How can there be side effects if the only modification is changing a specific already damaged gene back to it's known healthy setting?

If you are just stabbing around changing random stuff sure there will be random consequences.
But if you can change specific genes and you know what the damaged state and the healthy states are, you are good to go.

Comment Re:Perhaps (Score 1) 34

You forget that SSL provides two benefits, not one.

1. No one can intercept the communication and read the messages. No one cares for driver updates so yep you would be perfectly safe letting everyone on your network read the driver files.

2. It proves that you are talking to who you think you are talking to. This is the bit you miss - for important system files that are executable, it's kinda important to make sure you get them from the legitimate source.
As it stands if you go to a coffee shop, anyone else there could tell your computer that there is a critical driver update coming from a malware server and your computer would happily download it.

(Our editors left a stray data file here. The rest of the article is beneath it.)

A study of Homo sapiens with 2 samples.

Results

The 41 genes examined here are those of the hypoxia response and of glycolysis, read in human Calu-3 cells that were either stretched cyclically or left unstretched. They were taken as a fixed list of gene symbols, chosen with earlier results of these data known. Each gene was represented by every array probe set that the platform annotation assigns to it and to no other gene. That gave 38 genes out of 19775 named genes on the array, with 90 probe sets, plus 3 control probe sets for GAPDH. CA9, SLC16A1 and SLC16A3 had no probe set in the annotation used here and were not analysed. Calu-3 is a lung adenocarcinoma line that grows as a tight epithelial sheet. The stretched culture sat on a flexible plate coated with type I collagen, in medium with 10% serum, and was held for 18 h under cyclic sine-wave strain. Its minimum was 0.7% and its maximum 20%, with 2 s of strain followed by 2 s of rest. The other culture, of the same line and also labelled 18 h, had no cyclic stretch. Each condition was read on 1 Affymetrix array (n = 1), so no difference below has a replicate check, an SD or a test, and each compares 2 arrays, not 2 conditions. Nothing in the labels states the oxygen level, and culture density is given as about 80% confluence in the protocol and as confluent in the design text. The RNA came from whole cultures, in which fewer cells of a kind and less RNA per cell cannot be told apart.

Comment Re:At least they came out and said it (Score 2) 71

They haven't admitted they had a backdoor.
They've only admitted they had a 'management authentication issue'.

Just like many companies are coming under 'advanced persistent threat' attacks.
They aren't filled with idiots who click Important Document.doc.exe from random emails. Course not!
The attack has 'advanced' in the title!

Comment Re:Unbiased source? (Score 1) 110

Erm you do realise that this isn't actually a quality reduction?

If you read up on HEVC, you'll notice it's a completely separate codec to AVC that was designed specifically to hit 50% better (higher quality same bitrate or same quality at half bitrate). AVC was the benchmark codec that it was being compared to.
So the BBC is just confirming that they hit that mark.